Cardamine impatiens (Narrow-leaf Bittercress)
|Also known as:
|part shade, shade; moist woods, thickets, stream banks
|May - July
|6 to 30 inches
|Wetland Indicator Status:
|GP: none MW: FAC NCNE: FAC
|MN county distribution (click map to enlarge):
|National distribution (click map to enlarge):
Leaves and stem:
There are both basal and alternate stem leaves. Stem leaves are compound with 13 to 25 leaflets, to ~6 inches long. Leaflets are generally lance to narrowly egg-shaped with an asymmetrical base and have a minute stalk; the edges may be smooth, jagged or sharply toothed. The terminal leaflet is largest, 3/8 to 1½+ inches (1 to 4+ cm) long
Basal leaves are compound with 3 to 11 leaflets that have asymmetric bases and rounded lobes that may be further notched or lobed. Leaves and stems are hairless. The basal rosette is produced the first year and flowering stems are usually produced the second year.
Fruit is a straight slender pod, mostly ascending, up to about 1 inch (1.6 to 3+ cm) long. Ripened pods burst open and can shoot seed several feet from the mother plant, thus it can form dense colonies fairly quickly.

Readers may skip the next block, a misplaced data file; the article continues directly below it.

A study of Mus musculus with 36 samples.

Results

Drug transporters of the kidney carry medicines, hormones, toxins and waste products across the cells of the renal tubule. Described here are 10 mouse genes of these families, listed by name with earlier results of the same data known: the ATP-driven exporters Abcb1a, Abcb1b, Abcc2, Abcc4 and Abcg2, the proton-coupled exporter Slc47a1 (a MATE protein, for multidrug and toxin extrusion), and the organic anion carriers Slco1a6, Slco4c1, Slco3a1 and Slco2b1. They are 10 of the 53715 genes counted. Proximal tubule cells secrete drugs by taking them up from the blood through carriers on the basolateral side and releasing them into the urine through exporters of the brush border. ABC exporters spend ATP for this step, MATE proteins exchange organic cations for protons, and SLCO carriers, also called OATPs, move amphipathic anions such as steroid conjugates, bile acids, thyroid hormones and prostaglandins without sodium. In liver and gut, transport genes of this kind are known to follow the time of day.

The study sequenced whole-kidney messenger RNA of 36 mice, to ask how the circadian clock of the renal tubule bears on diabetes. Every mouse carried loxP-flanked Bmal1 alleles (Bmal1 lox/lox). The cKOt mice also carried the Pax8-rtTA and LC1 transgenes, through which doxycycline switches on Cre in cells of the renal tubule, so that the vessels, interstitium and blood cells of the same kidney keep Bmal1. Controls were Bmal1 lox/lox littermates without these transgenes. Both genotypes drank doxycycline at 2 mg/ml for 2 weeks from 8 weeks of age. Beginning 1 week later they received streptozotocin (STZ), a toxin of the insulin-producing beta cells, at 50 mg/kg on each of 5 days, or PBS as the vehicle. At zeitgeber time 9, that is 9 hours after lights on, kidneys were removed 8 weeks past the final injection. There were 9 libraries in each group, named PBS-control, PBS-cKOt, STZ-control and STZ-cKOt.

Narrow-leaf Bittercress is a relatively new exotic species in Minnesota, and quite invasive. According to the MN Dept. of Agriculture, a single plant was discovered at Riverside Park in 2008; by 2009 they were pulling out truckloads of it. It has been found along waterways and especially along trails, very likely via hikers, bikers and dog walkers spreading weed seed when travelling from infested to uninfested areas without cleaning their bike tires, footwear, or animal's feet and coat. This is a continuing problem in the battle against invasive species—always clean your gear!
Narrow-leaf Bittercress is a Prohibited Control species and needs to be stopped before it becomes more unmanageable. The root system is shallow and it hand pulls easily, but herbicide is recommended for larger infestations. See the MN Dept. of Agriculture's fact sheet for more information on control measures.
It resembles some other Cardamine species, most notably Pennsylvania Bittercress (Cardamine pensylvanica), but the latter has larger and better defined flowers, lacks the auricles on stem leaf stalks, leaflets often (not always) have no stalk, and stems are usually at least sparsely hairy, especially near the base. Note that I did see reports of C. impatiens on both iNaturalist and EDDMapS that are incorrectly IDed and are actually C. pensylvanica, so the real distribution and abundance of this weed are not known, but that's true for virtually all weeds.
Have you seen this plant in Minnesota, or have any other comments about it?